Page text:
Earning a little extra toward workout products and fitness classes could be as easy as tracking the steps you take outside. London-based Sweatcoin, a company which “pays” users a digital currency based on their daily steps, has just landed $5.7 million in a funding round led by Goodwater Capital with participation from Seedcamp, Greylock Partners, Rubylight, SmartHub, and several angel investors.
The app officially launched for iOS in late December of 2016 and for Android in April 2017. Its founders claim that since September it is the most dowloaded app within the app stores' health and fitness categories. This new financial backing brings Sweatcoin’s total funding to $6.3 million, according to Crunchbase.
“We are really pleased that our vision to build a ‘Movement Economy’ powered by the economic value of people’s physical activity is supported by such great visionaries,” Oleg Fomenko, cofounder of Sweatcoin, said in a statement. “This round will allow us to build out the product and technology team to improve our step-verification algorithm and develop an open-source blockchain [distributed ledger technology] to allow Sweatcoin to be traded like any other major crypto- or fiat currency.”
The free app tracks users’ outdoor steps using their phone’s accelerometers and GPS location. The steps then get translated into the currency, called Sweatcoins. Currently, the currency can be used for goods, services, and experiences ranging from yoga classes to high-tech shoes, according to their webpage.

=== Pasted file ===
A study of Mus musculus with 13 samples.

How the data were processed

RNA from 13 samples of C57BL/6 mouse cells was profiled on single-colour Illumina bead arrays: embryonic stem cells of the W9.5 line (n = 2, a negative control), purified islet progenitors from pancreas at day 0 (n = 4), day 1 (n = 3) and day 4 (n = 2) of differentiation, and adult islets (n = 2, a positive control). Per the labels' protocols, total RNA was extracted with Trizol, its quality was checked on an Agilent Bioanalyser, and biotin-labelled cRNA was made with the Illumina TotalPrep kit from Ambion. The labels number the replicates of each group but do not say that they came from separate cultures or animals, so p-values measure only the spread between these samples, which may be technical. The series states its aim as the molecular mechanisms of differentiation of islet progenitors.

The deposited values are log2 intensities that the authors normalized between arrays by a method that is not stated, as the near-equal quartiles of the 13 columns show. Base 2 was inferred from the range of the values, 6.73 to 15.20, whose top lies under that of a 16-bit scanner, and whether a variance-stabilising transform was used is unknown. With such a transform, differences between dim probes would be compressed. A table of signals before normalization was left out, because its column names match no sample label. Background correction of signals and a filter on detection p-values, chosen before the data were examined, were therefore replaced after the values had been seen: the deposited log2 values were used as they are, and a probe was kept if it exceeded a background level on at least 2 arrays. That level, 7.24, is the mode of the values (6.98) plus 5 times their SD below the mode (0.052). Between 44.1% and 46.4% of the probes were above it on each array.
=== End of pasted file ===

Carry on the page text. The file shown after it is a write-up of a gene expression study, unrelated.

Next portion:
Alternatively, users can donate their coins to Sweatcoin’s partnering charities.
“We are thrilled to have backing from such a great group of investors,” Anton Derlyatka, cofounder of Sweatcoin, said in a statement. “More than 5 million registered users in less than 12 months and more than 2 million weekly actives is a good start. We will now continue focusing on great user experience and global expansion.”
As of now, Sweatcoin is only available in the US, UK, and Ireland.
This isn’t the first app to offer concrete incentives for working out. A former startup called Pact had users provide their credit card numbers and chose an amount of money they would have to pay each week if they missed their workout goal. The achievers would then get paid from the slacker’s money. The company used the GPS to track whether or not the users was going to the gym. In July, Pact announced it was shutting down.
On the surface, however, Sweatcoin’s business appears to be on the rise.
“The team at Sweatcoin have experienced phenomenal growth since launch just 12 months ago and have created a new, powerful ‘Movement Economy’ that rewards people for their physical efforts,” Reshma Sohoni, cofounder and and managing partner of Seedcamp, said in a statement. “It’s a sophisticated product that consumers clearly love and we have a huge amount confidence in the founders to take this ambitious vision of a new, global digital currency and execute effectively.”